Government ministers have called on private employers not to sack staff in response to the economic crisis (a call that the company bosses have predictably ignored). Yet the government has been sacking its own workers.
The Australian Taxation Office recently sacked 133 staff in regional-based jobs the January 9 Sydney Morning Herald reported. ABC Online said on February 26 that a further 143 ATO workers based in Melbourne have also "had their contracts terminated to cut costs".
Those sacked had been employed on short-term "non-ongoing" contracts. Under PM Kevin Rudd, as under former PM John Howard, ATO management has continued to employ a significant section of its workers on non-ongoing contracts, rather than as permanent employees.
The contract system means workers can be sacked at very short notice.
The operations division of the ATO, which includes areas such as debt collection, tax refund management and business activity statement processing, has told unions of plans to cut the full-time, permanent part of its workforce from 82.5% to 35%. Under the plan, 25% of the workforce will be part-time, 15% "non-ongoing", and 25% will be outsourced.
Over 3000 full-time, permanent jobs will be lost as a result.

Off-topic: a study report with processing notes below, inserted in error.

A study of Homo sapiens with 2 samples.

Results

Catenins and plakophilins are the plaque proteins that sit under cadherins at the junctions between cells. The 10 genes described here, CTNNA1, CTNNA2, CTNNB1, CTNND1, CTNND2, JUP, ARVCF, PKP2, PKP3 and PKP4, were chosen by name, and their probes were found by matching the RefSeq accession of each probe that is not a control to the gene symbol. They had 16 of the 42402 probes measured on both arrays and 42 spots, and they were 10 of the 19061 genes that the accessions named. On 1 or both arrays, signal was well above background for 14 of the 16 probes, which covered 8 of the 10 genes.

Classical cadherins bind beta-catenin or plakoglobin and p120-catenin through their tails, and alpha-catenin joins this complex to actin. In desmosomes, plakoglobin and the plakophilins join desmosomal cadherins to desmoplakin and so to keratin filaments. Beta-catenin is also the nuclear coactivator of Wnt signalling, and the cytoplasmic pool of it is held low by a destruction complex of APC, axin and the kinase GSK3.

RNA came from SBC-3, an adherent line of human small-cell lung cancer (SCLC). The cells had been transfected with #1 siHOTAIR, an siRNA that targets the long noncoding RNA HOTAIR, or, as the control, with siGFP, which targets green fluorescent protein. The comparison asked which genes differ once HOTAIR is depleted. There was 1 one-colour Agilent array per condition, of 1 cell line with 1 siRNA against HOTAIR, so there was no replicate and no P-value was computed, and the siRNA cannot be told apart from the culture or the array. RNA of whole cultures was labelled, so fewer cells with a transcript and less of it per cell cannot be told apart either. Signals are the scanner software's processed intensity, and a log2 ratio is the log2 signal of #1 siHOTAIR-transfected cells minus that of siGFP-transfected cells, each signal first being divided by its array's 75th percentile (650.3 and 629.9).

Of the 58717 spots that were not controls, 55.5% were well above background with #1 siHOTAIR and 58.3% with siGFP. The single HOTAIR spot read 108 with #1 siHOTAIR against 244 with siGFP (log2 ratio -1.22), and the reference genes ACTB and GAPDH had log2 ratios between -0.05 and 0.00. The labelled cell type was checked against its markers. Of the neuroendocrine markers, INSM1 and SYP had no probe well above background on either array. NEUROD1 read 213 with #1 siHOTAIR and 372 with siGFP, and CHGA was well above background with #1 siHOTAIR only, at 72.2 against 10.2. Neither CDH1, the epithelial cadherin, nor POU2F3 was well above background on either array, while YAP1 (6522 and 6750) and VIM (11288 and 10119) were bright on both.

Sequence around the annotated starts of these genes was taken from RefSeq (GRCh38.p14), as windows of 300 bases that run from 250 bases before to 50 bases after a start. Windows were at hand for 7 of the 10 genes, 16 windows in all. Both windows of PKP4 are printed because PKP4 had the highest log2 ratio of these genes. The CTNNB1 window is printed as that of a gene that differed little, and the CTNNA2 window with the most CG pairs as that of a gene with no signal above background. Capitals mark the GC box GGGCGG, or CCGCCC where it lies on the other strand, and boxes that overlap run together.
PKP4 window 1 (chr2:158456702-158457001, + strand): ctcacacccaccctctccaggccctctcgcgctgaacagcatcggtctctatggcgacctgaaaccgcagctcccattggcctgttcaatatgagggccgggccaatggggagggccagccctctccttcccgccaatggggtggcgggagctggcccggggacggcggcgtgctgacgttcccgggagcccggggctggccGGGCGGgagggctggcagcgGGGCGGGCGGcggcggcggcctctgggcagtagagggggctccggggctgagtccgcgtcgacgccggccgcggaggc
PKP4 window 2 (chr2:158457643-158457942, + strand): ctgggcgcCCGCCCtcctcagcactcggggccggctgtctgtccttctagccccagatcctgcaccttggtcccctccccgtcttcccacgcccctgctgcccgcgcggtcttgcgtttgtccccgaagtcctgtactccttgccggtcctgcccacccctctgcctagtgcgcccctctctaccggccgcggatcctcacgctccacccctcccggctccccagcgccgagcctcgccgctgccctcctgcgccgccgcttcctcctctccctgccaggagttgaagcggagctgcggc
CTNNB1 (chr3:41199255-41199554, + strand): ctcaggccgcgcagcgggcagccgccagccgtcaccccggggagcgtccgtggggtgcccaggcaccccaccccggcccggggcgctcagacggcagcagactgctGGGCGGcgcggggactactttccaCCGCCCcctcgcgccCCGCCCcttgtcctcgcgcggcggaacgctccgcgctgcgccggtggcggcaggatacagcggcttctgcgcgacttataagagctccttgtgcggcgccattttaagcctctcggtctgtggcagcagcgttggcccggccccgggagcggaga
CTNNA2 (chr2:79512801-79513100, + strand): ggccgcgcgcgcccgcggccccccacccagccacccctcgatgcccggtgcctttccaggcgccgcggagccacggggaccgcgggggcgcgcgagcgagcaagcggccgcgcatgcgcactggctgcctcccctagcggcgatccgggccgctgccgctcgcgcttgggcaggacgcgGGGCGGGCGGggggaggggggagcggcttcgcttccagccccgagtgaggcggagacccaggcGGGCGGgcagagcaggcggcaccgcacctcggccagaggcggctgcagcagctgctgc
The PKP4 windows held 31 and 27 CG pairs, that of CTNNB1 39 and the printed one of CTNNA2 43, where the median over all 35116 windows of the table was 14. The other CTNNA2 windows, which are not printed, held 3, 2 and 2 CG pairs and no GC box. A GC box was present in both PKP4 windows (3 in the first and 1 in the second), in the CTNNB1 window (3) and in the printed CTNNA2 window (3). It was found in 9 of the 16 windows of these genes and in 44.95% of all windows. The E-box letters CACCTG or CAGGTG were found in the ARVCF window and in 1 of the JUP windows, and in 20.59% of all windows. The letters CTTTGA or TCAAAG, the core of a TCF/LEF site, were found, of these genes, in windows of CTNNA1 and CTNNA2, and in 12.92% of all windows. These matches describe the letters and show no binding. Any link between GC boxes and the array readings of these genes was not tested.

The job cuts in the ATO are largely a result of funding cuts by the federal government. In the 2008 budget, the Australian Public Service (APS) was told to make an "efficiency dividend" (funding cut) of 3.25%.
The Community and Public Sector Union has condemned the job cuts. CPSU assistant national secretary Mark Gepp wrote in the Sun Herald January 24: "The government is being hypocritical in calling on other employers to protect jobs while overworking its own workforce and slashing jobs through what is known as the 'efficiency dividend'."
In a February 24 update on its website, the CPSU said it is "totally opposed to any proposal that cuts conditions and reduces the number of permanent jobs in the ATO".
The CPSU is demanding a new agreement that includes no reduction in conditions, a 2% cap on the use of non-ongoing staff and for ATO work to be done by APS employees, not contractors.
An exception to the trend of cutting government jobs has been a recent increase in jobs at Centrelink to deal with the expected major increase in unemployment.